What makes a political party innovative?

by Josef Lentsch, Nicolas Stühlinger

This is the first blog of a new series on the innovation of political parties.

Ideas make a political party innovative. How exactly this happens has been a blackbox to date, of which only parts are understood. Political science has shone light on some aspects, like policy innovation, but disregarded others. In this blog series, we try to develop an integrated framework for the innovation of political parties.

Why innovation?

Innovation research shows that organisations are more successful when they are able to both exploit existing ideas and explore new ideas. Especially in rapidly changing times, organisations need to be adaptive to change and open for new ideas. 

This has long been studied in the corporate field, most prominently in the context of entrepreneurship, where start-ups aim to disrupt markets and gain market shares from incumbents, through the innovative pursuit of opportunity beyond resources currently controlled. Over the last decades, this has been complemented by the study of intrapreneurship, which focuses on how big companies utilise innovation approaches to stay competitive. 

Given finite resources and uncertain outcomes, the question underlying the explore-exploit dilemma is: what premium is there on investing time, money and people into exploring new ideas? This is where we arrive at the nature of markets, which shape those calculations.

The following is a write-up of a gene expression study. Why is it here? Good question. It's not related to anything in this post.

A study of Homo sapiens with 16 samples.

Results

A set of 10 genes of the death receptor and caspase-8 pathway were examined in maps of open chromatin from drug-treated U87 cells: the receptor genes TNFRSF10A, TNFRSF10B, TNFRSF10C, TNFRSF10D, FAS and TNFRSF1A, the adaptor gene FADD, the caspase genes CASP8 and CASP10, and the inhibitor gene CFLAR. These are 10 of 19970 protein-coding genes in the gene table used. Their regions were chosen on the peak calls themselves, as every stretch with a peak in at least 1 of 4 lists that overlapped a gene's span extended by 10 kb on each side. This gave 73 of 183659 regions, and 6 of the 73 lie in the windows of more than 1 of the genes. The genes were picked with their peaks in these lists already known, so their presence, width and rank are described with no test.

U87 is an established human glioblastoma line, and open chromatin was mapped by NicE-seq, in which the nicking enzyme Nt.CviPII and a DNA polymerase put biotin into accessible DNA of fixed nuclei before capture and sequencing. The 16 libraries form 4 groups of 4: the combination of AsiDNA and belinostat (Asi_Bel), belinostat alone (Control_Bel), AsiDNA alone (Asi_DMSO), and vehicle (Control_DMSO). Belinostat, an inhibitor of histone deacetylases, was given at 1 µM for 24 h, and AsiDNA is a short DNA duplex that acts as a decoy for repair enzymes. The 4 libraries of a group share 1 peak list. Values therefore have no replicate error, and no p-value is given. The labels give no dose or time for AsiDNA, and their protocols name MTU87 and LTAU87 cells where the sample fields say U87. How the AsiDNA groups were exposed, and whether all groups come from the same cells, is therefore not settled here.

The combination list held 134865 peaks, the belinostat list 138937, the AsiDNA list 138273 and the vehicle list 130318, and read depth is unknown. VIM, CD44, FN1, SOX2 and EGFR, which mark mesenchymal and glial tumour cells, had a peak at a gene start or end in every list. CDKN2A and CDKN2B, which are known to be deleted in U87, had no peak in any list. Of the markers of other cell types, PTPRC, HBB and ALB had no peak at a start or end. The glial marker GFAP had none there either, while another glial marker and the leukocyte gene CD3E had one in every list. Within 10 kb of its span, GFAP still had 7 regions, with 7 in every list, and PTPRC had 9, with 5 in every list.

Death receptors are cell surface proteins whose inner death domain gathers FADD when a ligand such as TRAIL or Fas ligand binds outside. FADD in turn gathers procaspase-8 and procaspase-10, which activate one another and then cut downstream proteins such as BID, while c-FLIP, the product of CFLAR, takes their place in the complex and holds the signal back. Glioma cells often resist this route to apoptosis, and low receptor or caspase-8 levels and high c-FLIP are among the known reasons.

In the political context, markets are highly constrained, and imperfect. The combination of high barriers to entry, incumbents that are able to actively affect the rules of the game, and a high amount of loyalty by voters have traditionally been in favour of political duopolies (as in the US or UK) or oligopolies (as in many European countries). Therefore, most parties have been focusing on exploitation rather than exploration. There was no need to develop strong innovation capabilities.

The ambidextrous party

With voter loyalty in decline, and technological progress rapidly lowering barriers to entry as well as lowering the cost of Research & Development, the question of how political parties can become more innovative to improve their performance becomes vital – not only for themselves, but for liberal democracy as a whole. Political parties that want to be successful in the long term need to develop new capabilities, and become good at both exploiting and exploring. They need to become proficient at working with both of their hands, instead of only one, and become ambidextrous organisations.

In the upcoming blogs, we are going to explore how parties can be strategic about improving their innovativeness, what areas of innovation should be considered, where do new ideas come from, and how to measure the innovativeness of a particular party.